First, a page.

A fuel filter is changed every Inspection II. If you don't ever change your fuel filter then bad stuff will make it's way into your engine, or it will clog and starve your engine of fuel. Then you'll pay $4000 diagnosing why your engine blew up when it is really just a clogged fuel filter for $20.How do you know when to change this? And what are the drawbacks if I dont do this?
jonnyIm sure you can go to your nearest auto parts store and find the right size. I did this yesterday hoses looked fine so I just used 3 new clamps. Hardest part was taking the off the hoses from the old filter and probably leaked a 1/4 of a liter of gasoline.
Tip: Before you remove the old fuel filter you may want to mark on the new filter F for front R for rear and B for bottom (or mark an arrow or I for inside)to avoid possibly installing it the wrong way.
5 VACUUM HOSE BLACK 3,3X1,75 part # 51731257971 (per pelicanparts.com)
I bought the clamps from Tischer bmw which are both I believe. There are rubber hoses on both sides 3 are the same size.jonny
Did you use regular screwdriver type clamps? Were you able to clamp down the lines? I have bought some of those red $3 clamps and I am thinking of maybe using them. Are there rubber hoses on both sides of the filter?
I believe I did read somewhere that the older 46 models (mine is 98 production) only have one hose in and one hose out. Anybody care to confirm that?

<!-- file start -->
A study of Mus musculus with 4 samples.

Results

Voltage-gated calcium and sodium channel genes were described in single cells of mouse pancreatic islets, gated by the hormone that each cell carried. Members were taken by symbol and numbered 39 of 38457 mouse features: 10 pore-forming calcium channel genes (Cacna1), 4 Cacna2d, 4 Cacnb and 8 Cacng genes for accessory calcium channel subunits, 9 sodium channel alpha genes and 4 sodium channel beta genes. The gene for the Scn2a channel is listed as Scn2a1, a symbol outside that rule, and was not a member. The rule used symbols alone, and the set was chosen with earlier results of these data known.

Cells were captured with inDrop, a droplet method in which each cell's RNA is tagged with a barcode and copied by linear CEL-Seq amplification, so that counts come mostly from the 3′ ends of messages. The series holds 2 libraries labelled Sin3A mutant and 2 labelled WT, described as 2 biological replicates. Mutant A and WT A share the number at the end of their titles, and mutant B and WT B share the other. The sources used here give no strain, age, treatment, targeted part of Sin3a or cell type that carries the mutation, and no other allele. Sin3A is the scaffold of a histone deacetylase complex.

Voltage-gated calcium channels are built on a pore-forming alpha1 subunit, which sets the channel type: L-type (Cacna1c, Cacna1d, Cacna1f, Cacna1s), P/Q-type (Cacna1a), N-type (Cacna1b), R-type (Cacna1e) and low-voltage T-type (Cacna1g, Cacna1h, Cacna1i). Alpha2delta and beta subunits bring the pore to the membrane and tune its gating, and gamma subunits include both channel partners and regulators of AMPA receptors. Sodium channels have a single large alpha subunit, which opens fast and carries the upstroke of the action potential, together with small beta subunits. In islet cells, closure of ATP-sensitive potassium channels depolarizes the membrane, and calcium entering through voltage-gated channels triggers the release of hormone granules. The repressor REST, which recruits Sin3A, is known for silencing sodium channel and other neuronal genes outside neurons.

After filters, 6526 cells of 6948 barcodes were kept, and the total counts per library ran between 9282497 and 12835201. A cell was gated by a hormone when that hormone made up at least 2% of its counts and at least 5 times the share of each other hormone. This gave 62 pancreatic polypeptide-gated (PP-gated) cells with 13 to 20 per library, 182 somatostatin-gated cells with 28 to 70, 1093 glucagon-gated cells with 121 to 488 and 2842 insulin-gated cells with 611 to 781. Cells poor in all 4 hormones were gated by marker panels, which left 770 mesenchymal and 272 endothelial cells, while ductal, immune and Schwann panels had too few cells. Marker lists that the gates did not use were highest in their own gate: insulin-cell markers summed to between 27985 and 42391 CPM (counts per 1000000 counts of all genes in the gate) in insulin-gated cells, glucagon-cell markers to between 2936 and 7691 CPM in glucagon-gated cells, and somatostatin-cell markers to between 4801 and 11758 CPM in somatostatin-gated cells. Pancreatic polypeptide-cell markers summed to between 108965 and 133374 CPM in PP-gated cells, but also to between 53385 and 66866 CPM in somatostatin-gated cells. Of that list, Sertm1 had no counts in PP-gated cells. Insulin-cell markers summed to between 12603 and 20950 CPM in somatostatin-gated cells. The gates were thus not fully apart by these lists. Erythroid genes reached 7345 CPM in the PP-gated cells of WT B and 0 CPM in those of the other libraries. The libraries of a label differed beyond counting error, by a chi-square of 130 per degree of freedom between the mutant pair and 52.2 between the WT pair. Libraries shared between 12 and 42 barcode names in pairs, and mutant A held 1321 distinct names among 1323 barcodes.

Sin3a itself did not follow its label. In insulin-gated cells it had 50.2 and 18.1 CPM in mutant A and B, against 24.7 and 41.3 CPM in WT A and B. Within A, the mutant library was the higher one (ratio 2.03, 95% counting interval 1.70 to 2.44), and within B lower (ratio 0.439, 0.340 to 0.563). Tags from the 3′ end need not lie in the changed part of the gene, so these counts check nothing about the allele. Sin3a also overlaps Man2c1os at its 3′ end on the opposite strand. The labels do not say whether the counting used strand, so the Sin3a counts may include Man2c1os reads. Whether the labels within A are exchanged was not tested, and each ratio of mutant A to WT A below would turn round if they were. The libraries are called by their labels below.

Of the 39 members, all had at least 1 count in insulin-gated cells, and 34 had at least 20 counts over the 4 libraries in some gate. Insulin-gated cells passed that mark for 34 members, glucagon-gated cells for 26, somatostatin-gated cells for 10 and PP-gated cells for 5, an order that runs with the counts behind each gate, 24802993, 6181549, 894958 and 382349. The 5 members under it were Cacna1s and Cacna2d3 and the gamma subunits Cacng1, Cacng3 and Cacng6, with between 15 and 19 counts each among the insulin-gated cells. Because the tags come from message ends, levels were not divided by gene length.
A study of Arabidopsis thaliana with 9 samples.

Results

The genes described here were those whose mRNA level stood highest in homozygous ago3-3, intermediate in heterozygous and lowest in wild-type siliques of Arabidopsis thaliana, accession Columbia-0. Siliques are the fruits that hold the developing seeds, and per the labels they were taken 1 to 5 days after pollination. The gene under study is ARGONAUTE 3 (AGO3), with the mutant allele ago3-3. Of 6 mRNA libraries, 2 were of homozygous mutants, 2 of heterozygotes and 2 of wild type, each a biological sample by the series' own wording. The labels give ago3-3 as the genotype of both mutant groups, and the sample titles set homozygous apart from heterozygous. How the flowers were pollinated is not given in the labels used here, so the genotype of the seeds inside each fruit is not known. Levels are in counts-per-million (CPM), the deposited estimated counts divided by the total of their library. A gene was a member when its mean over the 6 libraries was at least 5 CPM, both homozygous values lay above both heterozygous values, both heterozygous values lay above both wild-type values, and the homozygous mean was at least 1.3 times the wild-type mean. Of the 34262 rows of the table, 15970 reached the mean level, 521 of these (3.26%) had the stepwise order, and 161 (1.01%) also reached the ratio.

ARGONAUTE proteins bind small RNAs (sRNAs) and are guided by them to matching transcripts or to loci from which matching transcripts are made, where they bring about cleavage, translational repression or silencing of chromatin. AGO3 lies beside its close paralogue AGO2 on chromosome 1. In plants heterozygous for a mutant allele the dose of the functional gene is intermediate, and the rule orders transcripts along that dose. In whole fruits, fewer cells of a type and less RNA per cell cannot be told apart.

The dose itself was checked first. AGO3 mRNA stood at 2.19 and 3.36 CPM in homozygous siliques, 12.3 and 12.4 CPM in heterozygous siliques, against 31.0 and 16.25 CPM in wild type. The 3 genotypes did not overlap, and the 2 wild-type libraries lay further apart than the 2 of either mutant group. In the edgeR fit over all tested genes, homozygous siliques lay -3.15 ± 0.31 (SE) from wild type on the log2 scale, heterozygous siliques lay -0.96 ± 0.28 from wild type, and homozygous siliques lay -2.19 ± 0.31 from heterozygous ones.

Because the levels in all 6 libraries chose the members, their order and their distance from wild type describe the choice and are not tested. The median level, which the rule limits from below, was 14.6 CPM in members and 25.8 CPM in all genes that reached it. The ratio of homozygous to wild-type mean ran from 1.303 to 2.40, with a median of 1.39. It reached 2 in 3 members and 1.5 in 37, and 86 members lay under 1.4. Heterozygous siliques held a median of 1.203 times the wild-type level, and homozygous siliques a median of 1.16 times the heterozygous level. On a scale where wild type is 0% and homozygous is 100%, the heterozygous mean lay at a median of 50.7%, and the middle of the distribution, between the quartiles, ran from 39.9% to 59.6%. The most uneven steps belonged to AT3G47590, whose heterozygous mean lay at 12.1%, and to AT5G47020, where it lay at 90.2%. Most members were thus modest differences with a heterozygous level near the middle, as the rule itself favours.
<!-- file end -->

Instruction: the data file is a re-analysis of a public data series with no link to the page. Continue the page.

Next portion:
Great tips. That is exactly what I did too! I ended up having to cut my connecting fuel hoses because they just would not come off the fuel lines. Put new connecting hoses on, lubed inside with some oil and they slipped right onto the fuel lines.Just finished with this and thought I'd chip in with a couple more tid bits.
You can see that there are two hoses on the "in" side. One is labeled "in" and the other "rtn". The blue line should go in the "rtn" and the black in the "in". I don't think you can hook it up the other way very easily and still attach the "out" side hoses but just in case...
Also, if you want to stop the leaking (in my case, the rtn line leaked like crazy) just use the caps that came with you new filter. They fit right over the line (with the hose removed) and occlude it nicely.
Lastly, if you want to replace the hoses it looks like you have to buy a length of hose and cut the three segments to match. I took mine off and cleaned them with gas. No obvious signs of wear so I just reused mine. I'm going to replace them with the next filter change in about 30K miles.
I just replaced my fuel filter, and had some more tips.
I depressurized the fuel system by pulling fuse 54 and running and revving the car until it died. This resulted in very little fuel spillage, what was spilled was just what was in the old filter. As I emptied the old filter, all the gas had black stuff in it, along with small particulate matter, like sand. The hose clamps are a bit difficult to close when they are covered in fuel, but you must use a pair of pliers. After everything was buttoned up, I let the car sit with the key in position 2 for a few seconds to build up the fuel pressure, but I still had to crank it twice. My service engine soon light was on, and the engine was running very roughly and had a significant loss of power. After driving around for about five min., everything was fine. The light went out and the engine was running smoother than before. Also, it seemed as if the engine was a bit peppier than before as a result of the new filter. I have just over 65K miles, so anyone in that mileage might want to replace theirs as well.